How To Take Down A University President

Tim Wolfe was hired to be the president of the University of Missouri in 2012, vowing to run the university “like a tech company.”

Needless to say, that didn’t go well. Last week, a graduate student went on a hunger strike over Wolfe’s failure to address racist incidents on campus. Jonathan Butler said he wouldn’t end the strike until Wolfe was removed from office.

Then on Saturday, the Missouri football team announced that it too would strike, refusing to play its next game November 14 against Brigham Young.

Today Tim Wolfe resigned. The Post has a good assessment of the situation going forward.

There are a few reasons that the football team’s protest garnered more attention — and was probably more likely to yield results. Given that this is fundamentally a political protest, it probably won’t come as a surprise that those reasons overlap heavily with methods of leveraging political power.

First, the team is the public face of the student body. Any number of people who live in the state but don’t have relatives in the University of Missouri system likely know student-athletes by name. Butler did a good job of making his concerns known, but having students already known and respected by the community make a similar argument lowers the bar for sympathy to the cause.

Second, the team leveraged pressure on an immediate timeline. Next Saturday, the Missouri Tigers are scheduled to play the Brigham Young Cougars. As Saturday neared, the school was under increasing pressure to resolve the dispute as public attention to the conflict continued to grow. Butler’s threat was more dire, of course, but its duration was unclear.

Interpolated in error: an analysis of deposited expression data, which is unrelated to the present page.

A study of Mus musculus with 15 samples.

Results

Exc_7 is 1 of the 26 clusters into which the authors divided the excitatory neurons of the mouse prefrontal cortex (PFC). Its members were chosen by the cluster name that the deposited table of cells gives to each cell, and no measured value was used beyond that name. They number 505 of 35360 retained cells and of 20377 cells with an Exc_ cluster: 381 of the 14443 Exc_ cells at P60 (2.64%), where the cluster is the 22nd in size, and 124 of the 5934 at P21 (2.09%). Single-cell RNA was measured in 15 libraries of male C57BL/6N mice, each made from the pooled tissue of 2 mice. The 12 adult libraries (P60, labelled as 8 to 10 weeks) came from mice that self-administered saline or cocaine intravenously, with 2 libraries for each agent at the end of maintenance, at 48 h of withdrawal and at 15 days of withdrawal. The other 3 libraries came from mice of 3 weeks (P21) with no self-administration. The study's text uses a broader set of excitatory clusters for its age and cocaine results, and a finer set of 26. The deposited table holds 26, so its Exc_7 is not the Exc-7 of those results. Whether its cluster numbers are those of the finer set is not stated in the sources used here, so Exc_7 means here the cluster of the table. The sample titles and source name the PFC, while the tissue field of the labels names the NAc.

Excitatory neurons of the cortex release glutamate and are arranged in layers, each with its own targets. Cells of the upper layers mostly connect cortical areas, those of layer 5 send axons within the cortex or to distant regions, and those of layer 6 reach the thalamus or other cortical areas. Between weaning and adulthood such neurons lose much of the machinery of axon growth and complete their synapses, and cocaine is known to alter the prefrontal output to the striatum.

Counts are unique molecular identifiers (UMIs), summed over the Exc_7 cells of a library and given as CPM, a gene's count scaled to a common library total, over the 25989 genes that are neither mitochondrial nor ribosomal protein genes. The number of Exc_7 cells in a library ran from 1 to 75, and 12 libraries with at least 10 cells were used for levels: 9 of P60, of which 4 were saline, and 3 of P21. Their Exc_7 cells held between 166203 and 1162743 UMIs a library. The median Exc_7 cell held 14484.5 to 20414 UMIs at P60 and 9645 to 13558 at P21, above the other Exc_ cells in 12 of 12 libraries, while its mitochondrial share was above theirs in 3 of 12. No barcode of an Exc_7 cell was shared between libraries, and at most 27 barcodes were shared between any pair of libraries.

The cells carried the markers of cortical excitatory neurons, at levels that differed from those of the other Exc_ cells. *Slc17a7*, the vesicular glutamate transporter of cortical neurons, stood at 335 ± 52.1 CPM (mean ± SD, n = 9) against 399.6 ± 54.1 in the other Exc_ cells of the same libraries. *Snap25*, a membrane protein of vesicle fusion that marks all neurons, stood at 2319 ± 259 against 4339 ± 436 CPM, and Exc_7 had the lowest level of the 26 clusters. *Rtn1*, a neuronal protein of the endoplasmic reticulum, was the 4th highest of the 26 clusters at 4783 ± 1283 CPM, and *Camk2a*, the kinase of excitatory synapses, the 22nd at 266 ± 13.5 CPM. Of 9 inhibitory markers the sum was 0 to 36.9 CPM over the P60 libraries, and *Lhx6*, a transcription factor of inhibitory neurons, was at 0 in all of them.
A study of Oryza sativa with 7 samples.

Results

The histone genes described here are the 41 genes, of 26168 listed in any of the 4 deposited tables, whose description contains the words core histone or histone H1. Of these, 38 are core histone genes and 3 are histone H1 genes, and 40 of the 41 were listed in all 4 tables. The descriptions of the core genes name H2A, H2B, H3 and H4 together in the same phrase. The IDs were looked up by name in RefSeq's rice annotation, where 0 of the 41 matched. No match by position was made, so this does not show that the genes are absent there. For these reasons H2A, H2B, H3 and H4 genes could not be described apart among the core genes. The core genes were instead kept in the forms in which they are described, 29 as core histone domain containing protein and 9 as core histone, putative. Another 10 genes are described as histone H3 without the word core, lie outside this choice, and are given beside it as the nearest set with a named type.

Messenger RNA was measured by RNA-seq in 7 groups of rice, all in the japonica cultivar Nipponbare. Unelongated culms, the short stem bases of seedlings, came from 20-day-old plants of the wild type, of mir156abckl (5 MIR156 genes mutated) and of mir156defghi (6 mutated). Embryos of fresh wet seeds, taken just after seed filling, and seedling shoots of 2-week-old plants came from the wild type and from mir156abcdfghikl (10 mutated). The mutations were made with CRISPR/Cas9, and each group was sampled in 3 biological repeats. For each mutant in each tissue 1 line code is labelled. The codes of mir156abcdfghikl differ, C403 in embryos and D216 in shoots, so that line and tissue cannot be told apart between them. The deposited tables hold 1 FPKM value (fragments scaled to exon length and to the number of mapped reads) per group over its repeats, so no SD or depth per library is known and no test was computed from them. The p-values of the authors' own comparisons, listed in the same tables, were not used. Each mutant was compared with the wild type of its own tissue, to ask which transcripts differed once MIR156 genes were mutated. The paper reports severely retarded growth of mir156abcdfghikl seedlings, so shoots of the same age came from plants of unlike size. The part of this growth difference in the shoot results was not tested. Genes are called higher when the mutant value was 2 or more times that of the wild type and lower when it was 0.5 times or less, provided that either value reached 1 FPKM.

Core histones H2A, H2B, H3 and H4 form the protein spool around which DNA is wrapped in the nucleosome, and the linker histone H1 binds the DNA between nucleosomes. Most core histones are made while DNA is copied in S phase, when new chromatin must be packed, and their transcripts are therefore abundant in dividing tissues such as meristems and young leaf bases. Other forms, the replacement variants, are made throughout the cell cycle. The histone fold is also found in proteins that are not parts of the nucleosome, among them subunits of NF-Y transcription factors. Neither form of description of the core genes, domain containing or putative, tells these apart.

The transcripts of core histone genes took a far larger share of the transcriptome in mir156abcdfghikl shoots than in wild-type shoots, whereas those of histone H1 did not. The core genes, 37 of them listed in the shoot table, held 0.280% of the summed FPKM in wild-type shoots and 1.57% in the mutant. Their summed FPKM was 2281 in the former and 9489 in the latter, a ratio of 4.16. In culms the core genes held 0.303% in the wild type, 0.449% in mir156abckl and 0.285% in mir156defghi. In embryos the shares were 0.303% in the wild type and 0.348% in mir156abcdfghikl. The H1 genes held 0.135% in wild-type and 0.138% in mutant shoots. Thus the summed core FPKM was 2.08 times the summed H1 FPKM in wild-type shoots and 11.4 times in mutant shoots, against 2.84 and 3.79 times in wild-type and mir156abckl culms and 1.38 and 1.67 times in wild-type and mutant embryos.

Third, the team’s protest threatened immediate economic damage to the university. This is perhaps the biggest issue at play. A contract between Missouri and BYU obtained by the Kansas City Star reveals that cancellation on the part of the Tigers would result in a $1 million fine to be paid to BYU within 30 days of the cancellation.

Given the increasing attention being paid to racial justice issues generally, the fact that football players are more likely to be minorities, and the huge economic importance of athletics to colleges and universities, I don’t expect that this will be the last time a boycott like this happens. Or that it succeeds. The leverage is very, very strong.